Talk:Battle of Bita Paka
- Cheers. I have now included references to Hiery (mainly re the conduct of Australian troops during the battle and looting during the occupation) - although only sparingly and only where I can easily corroborate the info in another source. Although I admit to only having skim read parts of it to date I am a little dubious about it academically. I accept that it needs to be included for balance (and I don't doubt that much of its content is at least factually accurate), yet it barely seems balanced itself. Anotherclown (talk) 23:31, 12 December 2009 (UTC)
Preliminary GAR comments
This is an interesting article, and I'm glad to see that someone picked up this battle and has taken some time to explain it. There are some issues to overcome before this can be promoted.
First, re prose...there are a lot of problems. In the first four paragraphs, I found incomplete sentences, verb tense strangeness (shifts, mostly), misspellings, and non-wikiness.
stick to one tense. Past tense works well. check for spelling errors, then check again. since you spell Bita Paka as two words in your title, I think you should spell it that way in the text. You might write at some point, that it is also spelled Bitipaka (that should be in the lead). wikiness: German words (any non-english word in the English wiki) goes in italics. Generally, we would say Captain (Hauptman) Mayer. etc. Some people even put a link on the rank. Hauptman (Captain) Mayer. Or Captain Mayer.
Focus: You've got plenty of the focus, but there is little in terms of the big picture. It would be helpful to have some background. Instead of jumping in "Following the British request for ..." (which should be after the British request), give us some background. Don't assume that everyone will know this is the outbreak of WWI. Tell us that. Then explain the situation, geographically, geopolitically, etc. ....What was the situation? Why did the British request help? How big (population) was this colony? (it was really small--Mead goes into that). Why was it strategically important? This is a problem throughout.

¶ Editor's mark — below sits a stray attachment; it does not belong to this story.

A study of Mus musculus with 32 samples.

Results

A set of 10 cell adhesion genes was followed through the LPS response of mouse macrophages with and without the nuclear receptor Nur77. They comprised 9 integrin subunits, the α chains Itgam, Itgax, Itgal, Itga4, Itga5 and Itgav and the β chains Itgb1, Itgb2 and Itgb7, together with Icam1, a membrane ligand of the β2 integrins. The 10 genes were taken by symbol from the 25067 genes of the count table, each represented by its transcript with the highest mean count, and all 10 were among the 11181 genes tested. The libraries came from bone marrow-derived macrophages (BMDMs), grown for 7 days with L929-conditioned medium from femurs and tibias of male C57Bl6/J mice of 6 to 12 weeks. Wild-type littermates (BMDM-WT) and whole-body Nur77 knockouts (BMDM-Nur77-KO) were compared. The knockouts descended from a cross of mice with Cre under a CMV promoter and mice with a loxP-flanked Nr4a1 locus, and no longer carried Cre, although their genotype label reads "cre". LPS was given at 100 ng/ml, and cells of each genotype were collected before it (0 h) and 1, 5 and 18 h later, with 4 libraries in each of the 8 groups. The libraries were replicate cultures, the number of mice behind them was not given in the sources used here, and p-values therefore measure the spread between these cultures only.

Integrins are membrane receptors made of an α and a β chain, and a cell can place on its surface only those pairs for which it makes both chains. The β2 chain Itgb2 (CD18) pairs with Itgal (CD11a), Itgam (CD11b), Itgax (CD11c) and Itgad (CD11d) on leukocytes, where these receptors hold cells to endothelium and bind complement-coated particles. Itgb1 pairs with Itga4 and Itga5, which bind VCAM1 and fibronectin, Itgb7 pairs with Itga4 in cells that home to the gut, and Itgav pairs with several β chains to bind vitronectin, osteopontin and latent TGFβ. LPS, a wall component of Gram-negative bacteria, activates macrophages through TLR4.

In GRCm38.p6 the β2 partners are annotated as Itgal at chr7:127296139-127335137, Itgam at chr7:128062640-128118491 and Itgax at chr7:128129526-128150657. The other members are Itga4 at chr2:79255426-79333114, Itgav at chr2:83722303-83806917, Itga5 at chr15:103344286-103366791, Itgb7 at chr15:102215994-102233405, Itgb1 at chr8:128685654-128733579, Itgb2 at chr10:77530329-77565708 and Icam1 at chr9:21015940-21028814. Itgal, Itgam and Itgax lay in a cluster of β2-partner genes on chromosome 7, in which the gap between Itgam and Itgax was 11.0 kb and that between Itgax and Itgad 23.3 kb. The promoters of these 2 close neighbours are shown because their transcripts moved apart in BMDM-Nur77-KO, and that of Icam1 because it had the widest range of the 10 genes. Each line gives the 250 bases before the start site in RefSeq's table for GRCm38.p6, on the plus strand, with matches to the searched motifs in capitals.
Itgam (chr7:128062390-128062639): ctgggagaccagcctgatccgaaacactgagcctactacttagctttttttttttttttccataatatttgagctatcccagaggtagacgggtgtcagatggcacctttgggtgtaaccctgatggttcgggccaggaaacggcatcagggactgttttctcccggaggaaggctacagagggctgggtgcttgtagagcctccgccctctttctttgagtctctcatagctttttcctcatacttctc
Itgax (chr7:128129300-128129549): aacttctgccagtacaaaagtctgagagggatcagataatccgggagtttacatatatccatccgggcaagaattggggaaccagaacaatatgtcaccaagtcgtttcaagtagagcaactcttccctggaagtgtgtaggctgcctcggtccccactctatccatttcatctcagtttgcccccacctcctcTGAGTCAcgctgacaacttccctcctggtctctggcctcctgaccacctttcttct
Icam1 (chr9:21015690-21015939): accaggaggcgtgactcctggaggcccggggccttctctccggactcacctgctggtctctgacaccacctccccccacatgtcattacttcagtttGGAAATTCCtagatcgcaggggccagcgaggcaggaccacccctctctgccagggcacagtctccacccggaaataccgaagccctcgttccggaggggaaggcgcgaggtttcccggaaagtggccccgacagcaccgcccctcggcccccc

clarity: be sure to say what you mean.
For example: Both the Germans and Australians suffered a number of casualties, while the wireless station was subsequently captured by the Australians following a day of fighting. After a day of fighting, the Australians captured the wireless station. Both forces suffered casualties. (because there were casualties that were neither German nor Australian!) The above is an example: there are other instances as well that you'll see if you look for them. This article would benefit from a general map and a specific map of Biti Paka and its relationship to Kabukaul. (and Kabukaul's relationship to...) Most of your English speaking readers are not going to be familiar with this geography. I added the distance from Rabaul to Kokopo(Herbertshöhe), but it would be helpful to use the convert template to show other distances. Auntieruth55 (talk) 23:50, 7 November 2009 (UTC)
Sources on German relationships
- Christine Winter, "A Good-Will Ship": The Light Cruiser Köln Visits Rabaul (1933)." Australian Journal of Politics & History. Volume 54 Issue 1, Pages 44 - 54.
"The concept of loyalty still holds a central space in many histories about New Guinean-Australian relations, especially during the Second World War, and translates into demands by Australians that New Guineans recognize Australia's political system as "the best". In this article about the visit of the first German navy cruiser to New Guinea after the First World War, I tell a story not about loyalties, but about contesting colonial claims, namely Australia's insistence on "loyalty", and Germany's demand for a "return" of her colony. The visit of Köln in 1933 raises questions such as: How did Germans and Australians negotiate living together in the Mandated Territory of New Guinea? How were divisions, grief, tensions, and hostilities after the First World War dealt with? What separated them, what united them, and what role did New Guineans play in this complex relationship?"
This man has some interesting pictures here.